From: Bruce Ramos
Location: Stockton, Ca.
Hello Mr. Bear,
I loved reading Psychlone and Eon, both of which I have read several times. In Eon, you mention there were two "deaths" that Earth suffered. The "Little Death" was the first. Given the current state of world affairs, do you think we may be headed for the "Little Death" as we speak? With the added tensions over the Georgian/Russian conflict, plus Russia's threat this very morning to use nuclear weapons against Poland for asking our assistanct to install an anti missle defense system in their country, I personally believe we are looking at the begining of the "Little Death" as you mention in Eon. What are your thoughts Mr. Bear? Bruce
From: Greg Bear
What's happening now is more like the bad old days of the Soviet Union after World War 2, though less likely, I think, to end in nuclear confrontation. Back then, we let go of Czechoslovakia and Hungary--because we could not deny they were in the USSR's strongest sphere of military influence. The problem with the current situation in Georgia is that Saakashvili fired the first shot--and we now have no moral standing whatosever to request that Russia not engage in regime change any time it suits them. The calculations of realpolitik are not very subtle, but by putting all our strategic eggs in the Middle East, we are now powerless before old adversaries feeling renewed pangs for empire. There's one word for this squandering of our international standing, but it must be said three times: stupid, stupid, stupid.
From: Roald Laurenson
Location: La Jolla
Bruce, that answer from Greg is very eloquent and informed, must feel here.
As someone who stood once on land's end of an Arctic island's interminable summer evening looking out into mild storms once long ago, while an alert level across the world decided whether it would retreat from the stage before the curtains fell in a way you worry, I would like say it seems very much less likely there will be now such a conflagration.
We were doing things to influence against it then, which a young man might have a very tiny role indeed in, that led to the SALT and other agreements - making information so both sides knew what each had, was the very human way of doing this. This information let generals know enough so they didn't allow their protectiveness get unduly worried about what the other might be able to do and react premptively, all as Greg has outlined so well in Moving Mars.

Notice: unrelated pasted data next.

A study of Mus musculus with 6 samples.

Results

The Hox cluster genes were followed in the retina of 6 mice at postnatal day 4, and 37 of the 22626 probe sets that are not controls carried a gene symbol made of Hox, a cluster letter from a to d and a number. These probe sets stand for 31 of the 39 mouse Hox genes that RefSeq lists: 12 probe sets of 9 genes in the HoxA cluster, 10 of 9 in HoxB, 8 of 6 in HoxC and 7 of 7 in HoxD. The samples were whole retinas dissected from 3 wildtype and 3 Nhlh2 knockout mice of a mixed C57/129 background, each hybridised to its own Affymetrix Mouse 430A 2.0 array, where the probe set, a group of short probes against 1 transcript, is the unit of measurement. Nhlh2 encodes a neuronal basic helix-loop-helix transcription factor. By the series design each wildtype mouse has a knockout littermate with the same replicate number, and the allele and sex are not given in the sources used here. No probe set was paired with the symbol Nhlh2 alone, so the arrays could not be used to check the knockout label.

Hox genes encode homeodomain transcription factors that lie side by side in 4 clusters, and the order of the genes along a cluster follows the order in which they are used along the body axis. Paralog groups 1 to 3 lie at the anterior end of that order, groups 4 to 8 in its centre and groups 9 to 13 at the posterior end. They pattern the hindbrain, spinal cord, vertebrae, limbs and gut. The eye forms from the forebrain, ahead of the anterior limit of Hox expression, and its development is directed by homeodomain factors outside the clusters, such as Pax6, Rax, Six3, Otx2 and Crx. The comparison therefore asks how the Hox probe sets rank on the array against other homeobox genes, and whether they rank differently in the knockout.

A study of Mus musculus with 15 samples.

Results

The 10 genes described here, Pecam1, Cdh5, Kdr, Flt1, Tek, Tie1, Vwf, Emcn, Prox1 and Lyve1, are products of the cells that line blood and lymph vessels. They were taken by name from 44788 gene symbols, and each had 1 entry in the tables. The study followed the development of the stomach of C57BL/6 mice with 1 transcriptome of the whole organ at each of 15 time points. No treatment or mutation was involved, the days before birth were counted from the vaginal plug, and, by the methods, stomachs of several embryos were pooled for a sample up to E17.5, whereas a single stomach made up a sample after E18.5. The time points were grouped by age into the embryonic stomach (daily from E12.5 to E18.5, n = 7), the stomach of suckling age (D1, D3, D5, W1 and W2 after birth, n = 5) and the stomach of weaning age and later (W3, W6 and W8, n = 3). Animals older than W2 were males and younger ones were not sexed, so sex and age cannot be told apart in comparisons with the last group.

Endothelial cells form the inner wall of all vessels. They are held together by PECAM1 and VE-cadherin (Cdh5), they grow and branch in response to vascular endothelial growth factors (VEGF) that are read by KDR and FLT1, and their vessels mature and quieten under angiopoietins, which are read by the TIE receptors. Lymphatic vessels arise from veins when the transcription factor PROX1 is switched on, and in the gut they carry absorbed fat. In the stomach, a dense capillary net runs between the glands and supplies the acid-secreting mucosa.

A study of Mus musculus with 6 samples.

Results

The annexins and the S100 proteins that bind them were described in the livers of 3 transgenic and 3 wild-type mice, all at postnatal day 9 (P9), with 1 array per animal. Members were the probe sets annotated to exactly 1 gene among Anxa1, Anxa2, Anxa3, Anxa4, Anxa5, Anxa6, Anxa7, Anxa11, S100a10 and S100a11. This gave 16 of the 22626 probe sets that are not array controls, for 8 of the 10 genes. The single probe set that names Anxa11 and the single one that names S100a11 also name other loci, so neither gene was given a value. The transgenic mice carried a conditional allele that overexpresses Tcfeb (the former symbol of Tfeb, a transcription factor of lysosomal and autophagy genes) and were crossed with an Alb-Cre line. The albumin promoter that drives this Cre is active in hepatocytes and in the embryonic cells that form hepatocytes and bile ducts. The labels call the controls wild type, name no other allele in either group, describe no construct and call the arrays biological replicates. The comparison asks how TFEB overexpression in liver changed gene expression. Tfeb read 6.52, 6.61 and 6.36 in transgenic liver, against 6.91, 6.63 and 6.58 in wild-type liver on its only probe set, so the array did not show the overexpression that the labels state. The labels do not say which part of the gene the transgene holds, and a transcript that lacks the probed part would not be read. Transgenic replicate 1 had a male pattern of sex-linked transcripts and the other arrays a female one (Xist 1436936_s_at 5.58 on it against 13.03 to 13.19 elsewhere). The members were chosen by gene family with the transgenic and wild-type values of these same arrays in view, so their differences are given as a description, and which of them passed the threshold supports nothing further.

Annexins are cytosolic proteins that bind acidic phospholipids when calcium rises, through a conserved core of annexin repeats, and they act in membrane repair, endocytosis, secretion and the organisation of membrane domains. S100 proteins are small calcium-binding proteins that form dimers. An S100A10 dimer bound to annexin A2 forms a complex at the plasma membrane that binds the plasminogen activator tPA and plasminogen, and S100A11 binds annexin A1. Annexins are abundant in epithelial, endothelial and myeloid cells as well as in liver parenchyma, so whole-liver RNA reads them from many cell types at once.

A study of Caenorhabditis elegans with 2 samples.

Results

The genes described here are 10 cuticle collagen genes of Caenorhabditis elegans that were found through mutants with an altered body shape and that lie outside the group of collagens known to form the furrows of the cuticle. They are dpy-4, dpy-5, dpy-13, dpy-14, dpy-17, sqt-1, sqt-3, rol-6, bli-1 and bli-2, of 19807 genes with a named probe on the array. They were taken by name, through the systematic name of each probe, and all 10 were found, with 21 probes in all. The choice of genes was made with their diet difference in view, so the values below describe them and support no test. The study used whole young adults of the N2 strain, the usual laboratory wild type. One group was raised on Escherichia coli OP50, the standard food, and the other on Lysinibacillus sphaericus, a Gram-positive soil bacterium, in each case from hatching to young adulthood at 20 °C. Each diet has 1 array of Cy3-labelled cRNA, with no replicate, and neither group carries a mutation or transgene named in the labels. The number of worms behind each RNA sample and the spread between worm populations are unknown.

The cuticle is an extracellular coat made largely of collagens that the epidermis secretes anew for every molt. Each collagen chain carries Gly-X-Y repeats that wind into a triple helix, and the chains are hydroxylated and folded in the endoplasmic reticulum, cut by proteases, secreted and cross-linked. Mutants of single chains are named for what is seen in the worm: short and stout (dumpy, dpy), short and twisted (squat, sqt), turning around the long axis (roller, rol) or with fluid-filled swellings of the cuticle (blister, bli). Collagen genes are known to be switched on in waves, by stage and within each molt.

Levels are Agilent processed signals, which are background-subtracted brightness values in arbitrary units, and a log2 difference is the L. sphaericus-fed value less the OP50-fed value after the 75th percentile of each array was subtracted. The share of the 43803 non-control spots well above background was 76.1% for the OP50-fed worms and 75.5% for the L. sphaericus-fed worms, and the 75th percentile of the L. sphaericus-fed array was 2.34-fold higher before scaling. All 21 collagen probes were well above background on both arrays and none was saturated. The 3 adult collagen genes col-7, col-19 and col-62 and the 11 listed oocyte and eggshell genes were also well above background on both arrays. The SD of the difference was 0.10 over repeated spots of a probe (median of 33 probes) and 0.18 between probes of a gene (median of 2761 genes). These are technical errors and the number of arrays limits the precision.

What I think changes the balance more than anything since that advance is the later knowledge that there would be a nuclear winter. That let everyone know there was no way to win such a conflict in the large.
Can other things happen? Of course. It does seem they would be likely to be much more focused -- much smaller. Greg reminds that there are always the deep aspects of our potential that make this possibility-- a kind of thing you see in understanding nature so that it's not just pretty trees and so forth. Though nature has its unbelievably generative and also stabilizing sides just as well: the two combined if the work of Walter Fontana is as true as it has been honored.
We people get our choices. My own feeling of how to work on this is to improve the possibilities for accomplishment so that very many more, and in many more places, can feel proper respect, in and for their own lives. That takes so many pressures off, wherever it happens.
Well, such topics. I'm somehow thinking of a joke a Cuban told me once, to answer a question I asked him about machismo in Cuba and other Latin cultures. I hope it doesn't sound a rude throwaway on this conversation, because it shows actually a very civilized side, especially with the gleeful smile that accompanied the telling.
Two men approach on a narrow sidewalk, beside an alley full of what you don't want to step in. They stop, and the first says, slowly, "I don't get out of the way for bastards." The second nods, steps off the curb, gives a sweeping bow to motion the other past, and says, "Oh, but I do...!"
Greg's been willing to entertain the worst, and give it all the reasoning to be believable. In doing that, he's taking fiction's job, one of them, and giving us a chance to experience what a bad choice would be like, and very importantly, how we might make one.
Then as your note expresses well, we become much more aware how we don't want that -- feel how we don't want it. That opens our doorways, to better use what we know, and what we might come to know, I think.
From: Jim Duron
Location: Prairieville La
Greg, I agree about eggs being in the Middle East Basket. I think this administration is very single minded and lacks the ability to focus on multiple or non-predictable threats.
Russia/China had to be tickled Red when the USA started the Middle East Campaign. Most of the Middle East Countries will hang themselves given enough rope but Russia and China are real threats with real Nuclear Weapons. Russia is thriving in commodities and may be looking for new resources. Now we will see what the EU is or isn't capable of doing as far as economic pressure. Right now we are a Paper Tiger to Russia/China with the Iraqi/Iranian burden and dependency on China's trade/National dept. Sad, Sad, Sad!